Focused ultrasound and microbubbles for enhanced extravasation.

Philips Research Europe, HTC11, 5656 AE Eindhoven, The Netherlands.
Philips Research North America, 345 Scarborough Road, Briarcliff Manor, NY105010, USA.
Cardiovascular Division, Department of Medicine, University of Virginia, Charlottesville, VA 22908-0158, USA.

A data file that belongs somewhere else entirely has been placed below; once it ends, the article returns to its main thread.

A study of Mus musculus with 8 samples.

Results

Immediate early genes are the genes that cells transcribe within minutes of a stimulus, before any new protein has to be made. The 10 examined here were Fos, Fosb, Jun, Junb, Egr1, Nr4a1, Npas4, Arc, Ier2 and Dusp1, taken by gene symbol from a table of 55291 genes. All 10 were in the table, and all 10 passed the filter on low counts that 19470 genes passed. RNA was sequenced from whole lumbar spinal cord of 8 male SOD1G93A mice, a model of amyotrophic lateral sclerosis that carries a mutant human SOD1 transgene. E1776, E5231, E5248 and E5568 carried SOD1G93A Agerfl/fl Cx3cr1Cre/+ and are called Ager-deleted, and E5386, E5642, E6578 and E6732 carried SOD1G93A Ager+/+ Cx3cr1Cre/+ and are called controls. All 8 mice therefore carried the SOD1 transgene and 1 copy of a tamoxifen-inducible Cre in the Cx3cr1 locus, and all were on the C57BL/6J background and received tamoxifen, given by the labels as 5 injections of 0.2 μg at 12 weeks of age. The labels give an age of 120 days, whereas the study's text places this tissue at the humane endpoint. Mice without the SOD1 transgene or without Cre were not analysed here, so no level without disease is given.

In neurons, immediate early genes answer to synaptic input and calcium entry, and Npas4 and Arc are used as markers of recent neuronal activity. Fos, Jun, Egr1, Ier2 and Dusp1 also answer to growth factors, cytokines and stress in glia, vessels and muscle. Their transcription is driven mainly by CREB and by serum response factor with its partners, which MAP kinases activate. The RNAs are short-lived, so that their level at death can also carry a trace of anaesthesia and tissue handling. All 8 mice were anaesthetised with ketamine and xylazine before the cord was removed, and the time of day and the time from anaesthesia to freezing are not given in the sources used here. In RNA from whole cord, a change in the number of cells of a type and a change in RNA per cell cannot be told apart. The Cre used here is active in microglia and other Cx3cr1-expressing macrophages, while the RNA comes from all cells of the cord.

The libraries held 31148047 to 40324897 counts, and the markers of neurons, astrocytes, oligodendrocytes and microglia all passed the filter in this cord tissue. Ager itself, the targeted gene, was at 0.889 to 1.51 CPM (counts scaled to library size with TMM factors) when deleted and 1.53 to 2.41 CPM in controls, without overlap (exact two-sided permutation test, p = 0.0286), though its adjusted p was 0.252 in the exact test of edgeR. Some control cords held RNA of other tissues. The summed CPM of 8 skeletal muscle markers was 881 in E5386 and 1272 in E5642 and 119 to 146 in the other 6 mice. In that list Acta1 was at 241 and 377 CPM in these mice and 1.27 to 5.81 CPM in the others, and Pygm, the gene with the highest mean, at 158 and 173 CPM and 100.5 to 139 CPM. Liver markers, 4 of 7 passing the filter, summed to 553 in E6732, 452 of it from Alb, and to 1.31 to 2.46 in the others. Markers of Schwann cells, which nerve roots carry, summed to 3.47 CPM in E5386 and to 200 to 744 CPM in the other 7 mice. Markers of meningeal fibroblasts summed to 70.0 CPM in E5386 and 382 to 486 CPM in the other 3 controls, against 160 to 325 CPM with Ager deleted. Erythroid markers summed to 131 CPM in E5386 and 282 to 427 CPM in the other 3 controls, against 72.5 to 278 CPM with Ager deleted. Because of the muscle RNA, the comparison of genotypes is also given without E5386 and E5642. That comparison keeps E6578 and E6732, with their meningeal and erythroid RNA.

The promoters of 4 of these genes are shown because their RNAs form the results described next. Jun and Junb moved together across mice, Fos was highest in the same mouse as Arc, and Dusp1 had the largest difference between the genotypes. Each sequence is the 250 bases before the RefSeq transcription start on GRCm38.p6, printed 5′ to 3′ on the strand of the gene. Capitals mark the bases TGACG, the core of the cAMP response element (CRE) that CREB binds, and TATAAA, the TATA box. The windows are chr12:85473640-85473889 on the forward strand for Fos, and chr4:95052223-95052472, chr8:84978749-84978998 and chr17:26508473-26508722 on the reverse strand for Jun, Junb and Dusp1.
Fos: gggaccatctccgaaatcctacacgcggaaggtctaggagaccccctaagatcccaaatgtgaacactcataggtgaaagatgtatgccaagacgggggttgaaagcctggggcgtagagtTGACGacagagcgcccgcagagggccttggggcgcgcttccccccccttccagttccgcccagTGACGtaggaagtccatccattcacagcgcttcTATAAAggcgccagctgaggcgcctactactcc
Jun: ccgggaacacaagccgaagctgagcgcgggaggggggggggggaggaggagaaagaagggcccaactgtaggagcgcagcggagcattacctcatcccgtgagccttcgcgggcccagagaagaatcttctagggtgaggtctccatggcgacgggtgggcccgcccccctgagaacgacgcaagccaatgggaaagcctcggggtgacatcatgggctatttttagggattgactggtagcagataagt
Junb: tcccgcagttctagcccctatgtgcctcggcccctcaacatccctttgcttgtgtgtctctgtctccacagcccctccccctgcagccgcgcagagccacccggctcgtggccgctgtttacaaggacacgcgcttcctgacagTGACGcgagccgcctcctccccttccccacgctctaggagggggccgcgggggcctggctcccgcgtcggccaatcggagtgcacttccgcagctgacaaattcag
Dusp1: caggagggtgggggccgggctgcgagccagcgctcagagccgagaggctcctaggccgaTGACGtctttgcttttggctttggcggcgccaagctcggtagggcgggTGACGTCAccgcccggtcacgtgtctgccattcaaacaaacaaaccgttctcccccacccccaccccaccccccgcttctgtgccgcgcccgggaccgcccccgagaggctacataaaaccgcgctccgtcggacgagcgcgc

The permeability of blood vessels for albumin can be altered by using ultrasound and polymer or lipid-shelled microbubbles. The region in which the microbubbles were destroyed with focused ultrasound was quantified in gel phantoms as a function of pressure, number of cycles and type of microbubble. At 2MPa the destruction took place in a fairly wide area for a lipid-shelled agent, while for polymer-shelled agents at this setting, distinct destruction spots with a radius of only 1mm were obtained. When microbubbles with a thicker shell were used, the pressure above which the bubbles were destroyed shifts to higher values. In vivo both lipid and polymer microbubbles increased the extravasation of the albumin binding dye Evans Blue, especially in muscle leading to about 6-8% of the injected dose to extravasate per gram muscle tissue 30 min after start of the treatment, while no Evans Blue could be detected in muscle in the absence of microbubbles. Variation in the time between ultrasound treatment and Evans Blue injection, demonstrated that the time window for promoting extravasation is at least an hour at the settings used. In MC38 tumors, extravasation already occurred without ultrasound and only a trend towards enhancement with about a factor of 2 could be established with a maximum percentage injected dose per gram of 3%. Ultrasound mediated microbubble destruction especially enhances the extravasation in the highly vascularized outer part of the MC38 tumor and adjacent muscle and would, therefore, be most useful for release of, for instance, anti-angiogenic drugs.